07/01/2012: Petroleum Minister lists benefits of subsidy removal
The Minister of Petroleum Resources, Mrs. Diezani Alison-Madueke, has enumerated the benefits of subsidy removal to Nigerians and the economy. The minister said the discontinuation of fuel subsidy is because it poses a huge financial burden on the government, disproportionately benefits the wealthy encourages inefficiency, corruption and diversion of scarce public resources away from investment in critical infrastructure.
She said subsidy removal will save additional resources for investing in programmes targeted at mitigating poverty and spurring economic growth. She noted that since 2000, the government issued 20 licences for new refineries and none of them has resulted in construction of new refineries. The deregulation of the downstream sector of the petroleum industry will lead to rapid private sector investment in refineries and petrochemicals, which will generate millions of jobs and lead to increased prosperity for Nigerians, she added.
She said: “The total projected subsidy reinvestible fund per annum is N1.134 trillion based on average crude oil price of US90 per barrel. Out of this, N478.49 billion, accrues to the Federal Government, N41.03 billion to state government, N203.23 billion to local governments, N9.86 billion to the Federal Capital Territory (FCT) and N31.37 billion as transfers to derivation and ecology, development of natural resources and stabilisation funds.”
The Minister said a robust programme structure has been developed to ensure adequate oversight, accountability and implementation of the various projects, which accruals from subsidy removal would be used for to mitigate the subsidy removal impact. “The entire project will be overseen by a Board to be constituted by Mr. President, consulting firms with international reputation will be appointed to provide technical assistance to the Board in financial and project management. Relevant ministries, departments and agencies (MDAs) would set up project Implementation units to drive the implementation. An independent body will be responsible for monitoring and evaluating the implementation and will report directly to the Board,” she added.
The Managing Director/Chief Executive Officer, Oil and Gas Free Zone Authority, Dr. Noble Abe, who spoke at a forum in Lagos said data from petroleum marketers association showed “USD10 billion is expended annually by the country importing PMS alone.” He said that Nigeria’s biggest problem has been the huge percentage of its income that was spent importing refined petroleum products. He pointed out that oil and gas apart from providing fuel, constitutes important raw materials for production of different products.
He said: “Unknown to many Nigerians, oil and gas is a very important raw material and its use is not limited to powering generators and driving cars. “Over 6,000 products can be identified as made from petroleum; therefore, exportation of mineral resources in its raw form undermines industry, job creation, the availability of raw materials for secondary industries, transfer of technology and contributes to fuelling social ills. “Our goal should, therefore, be to add value to our greatest resource which is one of the most important raw materials known to man. The quantum effect of this will totally transform our economy in little or no time and help to resolve most of the problems we are experiencing as a nation today.” One industry stakeholder said the reason the refineries have not been working and there are no private refineries in the country including occasional fuel scarcity and the government’s ineptitude as well as lack of infrastructure, are all due to the existence of fuel subsidy. They noted that government hide under spending much money on subsidy to perpetuate decay in infrastructure, leave unemployment to soar and fritter away public funds.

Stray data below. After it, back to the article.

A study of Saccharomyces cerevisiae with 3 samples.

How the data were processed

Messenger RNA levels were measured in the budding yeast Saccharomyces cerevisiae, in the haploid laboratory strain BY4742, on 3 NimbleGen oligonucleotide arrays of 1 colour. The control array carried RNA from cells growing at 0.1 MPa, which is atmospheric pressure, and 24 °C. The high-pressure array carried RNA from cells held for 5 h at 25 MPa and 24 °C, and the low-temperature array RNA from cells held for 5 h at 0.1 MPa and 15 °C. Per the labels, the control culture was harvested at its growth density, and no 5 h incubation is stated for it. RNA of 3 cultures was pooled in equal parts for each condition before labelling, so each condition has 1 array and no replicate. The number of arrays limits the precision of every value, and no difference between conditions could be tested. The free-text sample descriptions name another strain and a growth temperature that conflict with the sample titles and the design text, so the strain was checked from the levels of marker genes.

According to the sources, with deregulation, private refineries will spring up in different parts of the country much earlier than anticipated. The situation would not only create employment but with refining of crude in-country, the price of petroleum products would fall and make them affordable. They are of the view that Nigerians including the labour unions and civil society groups, instead of rising against removal of subsidy should hold government to accountability by setting some milestones the government should achieve at specific periods with the removal of subsidy.
The sources said if subsidy is removed and the government doesn’t meet with the agreed milestones such as fixing the power, the roads and other infrastructures, the labour and the populace will have every reason to protest.
(Publication from The Nation on 3rd January, 2012).